Taylor Armerding | April 10, 2017
Robots are a growing component of the IoT. And, like most smart devices, they have impressive features but numerous security holes.


Credit: Kārlis Dambrāns

Robots are supposed to do good things for us, not bad things to us.

But there is plenty of evidence that, like the billions of other connected devices that make up the Internet of Things (IoT), the growth of robot technology is coming with loads of features, but not much of a security blanket.

More evidence came in a report on home, business and industrial robots released last month by security research firm IOActive, which found that “most” of them lacked what experts generally call “basic security hygiene.”

Those included the predictable list: Insecure communication channels, critical information sent in cleartext or with weak encryption, no requirement for user names or passwords for some services, weak authentication in others, and a lack of sufficient authorization to protect critical functions such as software installation or updates.

All of which would allow, “anyone to remotely and easily hack the robots, … install software in these robots without permission and gain full control over them.”

Beyond that were privacy problems – mobile applications sending private information to remote servers without user consent, including, “mobile network information, device information and current GPS location. This information could be used for surveillance and tracking purposes,” the report said.

And, as is the case with many IoT “smart” devices, they aren’t smart enough to allow their owners to close some of the security holes.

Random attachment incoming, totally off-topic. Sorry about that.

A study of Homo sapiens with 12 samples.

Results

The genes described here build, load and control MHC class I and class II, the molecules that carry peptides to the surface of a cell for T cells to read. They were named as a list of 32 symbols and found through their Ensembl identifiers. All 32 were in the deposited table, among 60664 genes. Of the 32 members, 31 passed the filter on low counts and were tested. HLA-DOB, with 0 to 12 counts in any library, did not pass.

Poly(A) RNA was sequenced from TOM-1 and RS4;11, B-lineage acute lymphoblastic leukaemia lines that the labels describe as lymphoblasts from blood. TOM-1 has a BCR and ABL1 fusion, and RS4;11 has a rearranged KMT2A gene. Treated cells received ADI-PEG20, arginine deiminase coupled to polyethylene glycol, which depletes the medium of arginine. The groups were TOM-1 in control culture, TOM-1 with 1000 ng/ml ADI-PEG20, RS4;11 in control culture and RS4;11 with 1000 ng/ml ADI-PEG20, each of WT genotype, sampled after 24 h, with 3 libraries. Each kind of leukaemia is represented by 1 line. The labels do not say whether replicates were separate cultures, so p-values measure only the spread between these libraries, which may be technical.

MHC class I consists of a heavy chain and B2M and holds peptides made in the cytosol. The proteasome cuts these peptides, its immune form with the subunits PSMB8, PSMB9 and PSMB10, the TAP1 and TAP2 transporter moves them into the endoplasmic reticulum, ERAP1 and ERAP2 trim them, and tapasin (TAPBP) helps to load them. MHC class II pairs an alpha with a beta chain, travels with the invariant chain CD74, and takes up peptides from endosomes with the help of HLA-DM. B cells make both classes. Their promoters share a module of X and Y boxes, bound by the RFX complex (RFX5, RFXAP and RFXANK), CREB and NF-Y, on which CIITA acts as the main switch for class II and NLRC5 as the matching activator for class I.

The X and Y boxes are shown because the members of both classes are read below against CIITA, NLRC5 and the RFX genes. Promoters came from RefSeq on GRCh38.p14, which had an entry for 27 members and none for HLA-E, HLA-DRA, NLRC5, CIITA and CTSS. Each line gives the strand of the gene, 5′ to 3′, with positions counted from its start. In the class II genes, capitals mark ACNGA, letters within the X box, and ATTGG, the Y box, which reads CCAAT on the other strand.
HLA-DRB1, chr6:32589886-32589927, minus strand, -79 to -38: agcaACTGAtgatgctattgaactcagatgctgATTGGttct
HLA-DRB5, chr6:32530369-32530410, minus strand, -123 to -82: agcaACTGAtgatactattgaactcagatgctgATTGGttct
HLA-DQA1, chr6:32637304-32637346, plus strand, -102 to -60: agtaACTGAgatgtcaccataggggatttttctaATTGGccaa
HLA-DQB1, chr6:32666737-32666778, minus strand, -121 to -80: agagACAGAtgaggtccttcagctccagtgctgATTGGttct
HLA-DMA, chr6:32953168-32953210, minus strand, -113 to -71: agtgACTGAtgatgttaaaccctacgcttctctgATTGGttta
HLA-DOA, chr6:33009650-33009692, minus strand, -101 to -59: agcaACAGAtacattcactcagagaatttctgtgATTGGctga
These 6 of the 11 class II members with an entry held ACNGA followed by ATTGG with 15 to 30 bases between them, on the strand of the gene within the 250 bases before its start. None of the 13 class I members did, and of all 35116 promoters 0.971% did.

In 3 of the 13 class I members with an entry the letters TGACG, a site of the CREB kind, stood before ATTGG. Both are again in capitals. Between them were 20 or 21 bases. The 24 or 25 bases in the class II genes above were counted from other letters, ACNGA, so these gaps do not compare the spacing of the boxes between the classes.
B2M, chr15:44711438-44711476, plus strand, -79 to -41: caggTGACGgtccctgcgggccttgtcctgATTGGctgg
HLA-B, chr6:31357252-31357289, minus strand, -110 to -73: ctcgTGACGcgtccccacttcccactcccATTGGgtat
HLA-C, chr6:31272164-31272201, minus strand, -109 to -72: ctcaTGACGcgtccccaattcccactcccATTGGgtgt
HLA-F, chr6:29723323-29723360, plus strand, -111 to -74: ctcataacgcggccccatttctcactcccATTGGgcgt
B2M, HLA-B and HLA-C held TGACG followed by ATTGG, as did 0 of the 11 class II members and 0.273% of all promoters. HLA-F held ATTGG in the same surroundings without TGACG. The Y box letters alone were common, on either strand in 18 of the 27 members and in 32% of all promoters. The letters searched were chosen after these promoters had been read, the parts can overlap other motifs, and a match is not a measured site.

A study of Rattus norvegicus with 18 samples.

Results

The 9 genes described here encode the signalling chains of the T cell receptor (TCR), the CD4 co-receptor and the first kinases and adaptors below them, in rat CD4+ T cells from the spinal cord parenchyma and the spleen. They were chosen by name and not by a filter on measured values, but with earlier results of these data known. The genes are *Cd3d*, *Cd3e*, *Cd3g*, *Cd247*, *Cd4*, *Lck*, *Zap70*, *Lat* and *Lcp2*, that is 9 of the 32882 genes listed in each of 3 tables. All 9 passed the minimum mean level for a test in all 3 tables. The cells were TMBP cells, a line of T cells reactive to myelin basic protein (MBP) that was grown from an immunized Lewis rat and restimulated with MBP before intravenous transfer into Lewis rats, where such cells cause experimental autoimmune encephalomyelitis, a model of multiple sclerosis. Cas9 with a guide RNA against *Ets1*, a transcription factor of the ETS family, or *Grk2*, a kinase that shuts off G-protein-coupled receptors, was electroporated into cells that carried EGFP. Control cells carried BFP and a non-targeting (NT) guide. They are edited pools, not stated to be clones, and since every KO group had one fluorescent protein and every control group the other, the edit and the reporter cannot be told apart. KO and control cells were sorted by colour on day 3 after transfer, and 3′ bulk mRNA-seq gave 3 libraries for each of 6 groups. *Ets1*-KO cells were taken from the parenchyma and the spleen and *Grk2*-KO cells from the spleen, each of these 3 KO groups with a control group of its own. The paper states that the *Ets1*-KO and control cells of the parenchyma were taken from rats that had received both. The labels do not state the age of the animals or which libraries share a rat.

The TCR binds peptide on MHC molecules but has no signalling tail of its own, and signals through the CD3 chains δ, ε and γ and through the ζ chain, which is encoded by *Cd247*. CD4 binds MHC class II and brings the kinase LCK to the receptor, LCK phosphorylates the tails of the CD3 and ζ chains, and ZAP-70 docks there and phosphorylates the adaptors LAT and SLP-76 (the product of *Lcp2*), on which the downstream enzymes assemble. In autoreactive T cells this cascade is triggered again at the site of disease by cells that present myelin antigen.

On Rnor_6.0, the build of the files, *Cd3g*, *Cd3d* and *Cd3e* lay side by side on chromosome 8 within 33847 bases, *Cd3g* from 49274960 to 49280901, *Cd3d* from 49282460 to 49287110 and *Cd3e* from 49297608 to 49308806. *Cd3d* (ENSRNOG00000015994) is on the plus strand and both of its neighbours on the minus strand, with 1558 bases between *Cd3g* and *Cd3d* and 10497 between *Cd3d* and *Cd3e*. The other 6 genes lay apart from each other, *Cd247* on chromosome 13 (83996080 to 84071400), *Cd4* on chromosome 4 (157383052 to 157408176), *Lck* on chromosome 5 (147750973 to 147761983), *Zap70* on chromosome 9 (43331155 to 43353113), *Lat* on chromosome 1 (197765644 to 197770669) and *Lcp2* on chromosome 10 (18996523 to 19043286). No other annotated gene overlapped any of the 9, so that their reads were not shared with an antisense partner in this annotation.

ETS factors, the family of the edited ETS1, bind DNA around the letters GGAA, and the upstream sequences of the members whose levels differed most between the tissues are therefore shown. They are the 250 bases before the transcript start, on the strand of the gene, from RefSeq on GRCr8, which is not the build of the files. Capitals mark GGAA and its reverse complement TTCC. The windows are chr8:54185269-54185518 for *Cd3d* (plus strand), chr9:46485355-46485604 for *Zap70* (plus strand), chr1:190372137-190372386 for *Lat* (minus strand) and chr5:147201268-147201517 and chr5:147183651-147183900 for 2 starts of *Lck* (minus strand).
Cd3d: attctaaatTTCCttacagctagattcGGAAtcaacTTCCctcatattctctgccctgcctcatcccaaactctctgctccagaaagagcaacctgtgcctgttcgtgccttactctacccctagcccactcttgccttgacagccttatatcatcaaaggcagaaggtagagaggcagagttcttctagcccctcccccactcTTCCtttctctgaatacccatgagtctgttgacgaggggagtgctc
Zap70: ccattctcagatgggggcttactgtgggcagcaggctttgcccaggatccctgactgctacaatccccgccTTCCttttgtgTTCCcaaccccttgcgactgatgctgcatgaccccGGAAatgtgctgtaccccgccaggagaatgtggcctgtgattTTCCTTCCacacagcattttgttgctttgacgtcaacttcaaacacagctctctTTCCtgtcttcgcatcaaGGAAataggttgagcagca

“We found robots with insecure features that couldn’t be easily disabled or protected, as well as features with default passwords that were either difficult to change or could not be changed at all,” wrote the report’s authors, CTO Cesar Cerrudo and Senior Security Consultant Lucas Apa,

The damage from hacked robots could range from spying to injury to death. Cerrudo and Apa cited statistics from the US Department of Labor, which maintains a list of “robot-related incidents, including several that have resulted in death.”

 

It was an accident

According to IOActive’s report, “Hacking Robots Before Skynet,” there are no documented cases of people hurt or killed by robots that were attributed to hackers. But the report compiled a brief list of serious incidents that were considered accidents, drawn from US Department of Labor statistics. They include:

  • A woman was killed by an industrial robot in 2015 at the Ajin USA plant in Cusseta, Ala., when an industrial robot restarted abruptly.
  • A robot security guard at the Stanford Shopping Center in Silicon Valley knocked down a toddler. The child was not seriously hurt.
  • A Chinese-made robot at a Shenzhen tech trade fair smashed a glass window and injured a bystander.
  • In 2007 a robot cannon malfunction during a shooting exercise killed nine soldiers and seriously injured 14 others.